Apr. 6—After another round of devastating floods ravaged Lebanon's downtown square, it refloated a question that gets asked a lot, why does this keep happening?
Lebanon's Commissioner of Public Works Jeff Baines said that after the floods in 2010, the city entered discussions with the Army Corps of Engineers on "possible alternatives to mitigate flooding on Sinking Creek."
Sinking Creek is the waterway that runs underneath the square. Its watershed begins about 4 miles south of the square and runs south to north through the city.
According to Baines, after the Corps of Engineers conducted a 5-year analysis of the area, it recommended the city create a detention structure at Stumpy Lane. This proposal was presented to the City Council last summer.
Per the Corps' recommendation, the flood elevations for a 100-year and 25-year flood would be reduced significantly. These parameters are used to determine a storm and subsequent flood's severity and also to establish time tables for expectations about storms of that size.
Baines said the total estimated cost for the project was in excess of $2 million, and that the city would be on the hook for $750,000.
The discussions were paused in response to the economic uncertainties brought on by the pandemic. Bernie Ash, who was mayor at the time, requested the council defer the project until July of this year. The council obliged.
Baines said that he has been working with the current mayor, Rick Bell, regarding the flood prone zones. He also said that they have reopened conversations with the Corps of Engineers "in the last few weeks."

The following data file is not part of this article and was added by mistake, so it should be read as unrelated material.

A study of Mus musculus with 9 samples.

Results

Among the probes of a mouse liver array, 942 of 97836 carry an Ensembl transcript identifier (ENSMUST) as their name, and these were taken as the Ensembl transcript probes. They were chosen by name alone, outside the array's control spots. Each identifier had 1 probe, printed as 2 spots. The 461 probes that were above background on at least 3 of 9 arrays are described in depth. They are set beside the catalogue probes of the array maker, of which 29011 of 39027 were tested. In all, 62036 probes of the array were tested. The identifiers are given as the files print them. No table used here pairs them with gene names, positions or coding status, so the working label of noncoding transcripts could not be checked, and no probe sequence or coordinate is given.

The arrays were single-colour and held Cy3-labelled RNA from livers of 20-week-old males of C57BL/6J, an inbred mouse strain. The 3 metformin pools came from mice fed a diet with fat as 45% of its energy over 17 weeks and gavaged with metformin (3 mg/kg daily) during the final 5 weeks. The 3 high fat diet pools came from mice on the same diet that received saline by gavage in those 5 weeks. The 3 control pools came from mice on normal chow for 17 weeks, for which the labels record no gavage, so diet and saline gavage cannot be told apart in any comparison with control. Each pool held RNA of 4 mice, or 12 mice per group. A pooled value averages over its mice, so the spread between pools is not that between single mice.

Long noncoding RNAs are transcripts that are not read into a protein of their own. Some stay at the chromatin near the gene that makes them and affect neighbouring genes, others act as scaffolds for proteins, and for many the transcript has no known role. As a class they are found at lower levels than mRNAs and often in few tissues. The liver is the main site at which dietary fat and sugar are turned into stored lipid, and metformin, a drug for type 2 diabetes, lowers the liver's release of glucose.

Bell has expressed interest in seeing the project take into consideration the local businesses most directly impacted.
Baines said that he has concerns the project "may not offer significant reduction in flooding risks to be worth the investment."
"As of this date, no option has been identified that would significantly reduce flood elevations in the square/downtown businesss area," he said.
The city has taken several steps to curb the impact from flooding. It has hired Braxton McFarlin to serve as the city's drainage mitigation coordinator. His role consists of communicating with citizens experiencing drainage issues as well as ensuring drainage routes around the city remain clear.
Aside from large scale infrastructure projects, Lebanon's public works department does periodically remove sediment and debris from the creek. As recently as January, the cleanup resulted in the removal of 175 tires by Lebanon Stormwater Coordinator Brian Chomicki's approximation. Chomicki said in an email that the tires were removed in the section of Sinking Creek running from Interstate 40 to Legends Drive.
The square is not the only area in Lebanon that is prone to flooding. Baines said that in the last couple months alone, the City Council has "approved engineering agreements to analyze and recommend possible mitigation options to area subdivisions including Hallcroft, Cumberland Drive and Burdock Street."
Lebanon is also exploring technological means of advanced warning. Baines said the city had invested in water elevation sensors that would be installed in various locations of the Sinking Creek watershed.
"We believe this technology should help us develop a warning system that can be communicated to citizens and business areas in advance of these flooding events.
Installations of these sensors could still take some time, as the city explores the best places to put them. Baines said the council, the mayor and public works departments are going to start ramping up conversations in coming weeks as budget items enter the discourse.
Lebanon budget work sessions continue during the next couple weeks. The City Council will have a regularly scheduled council meeting tonight at 6 p.m. in City Hall. The meeting can be viewed virtually on the city's Facebook page.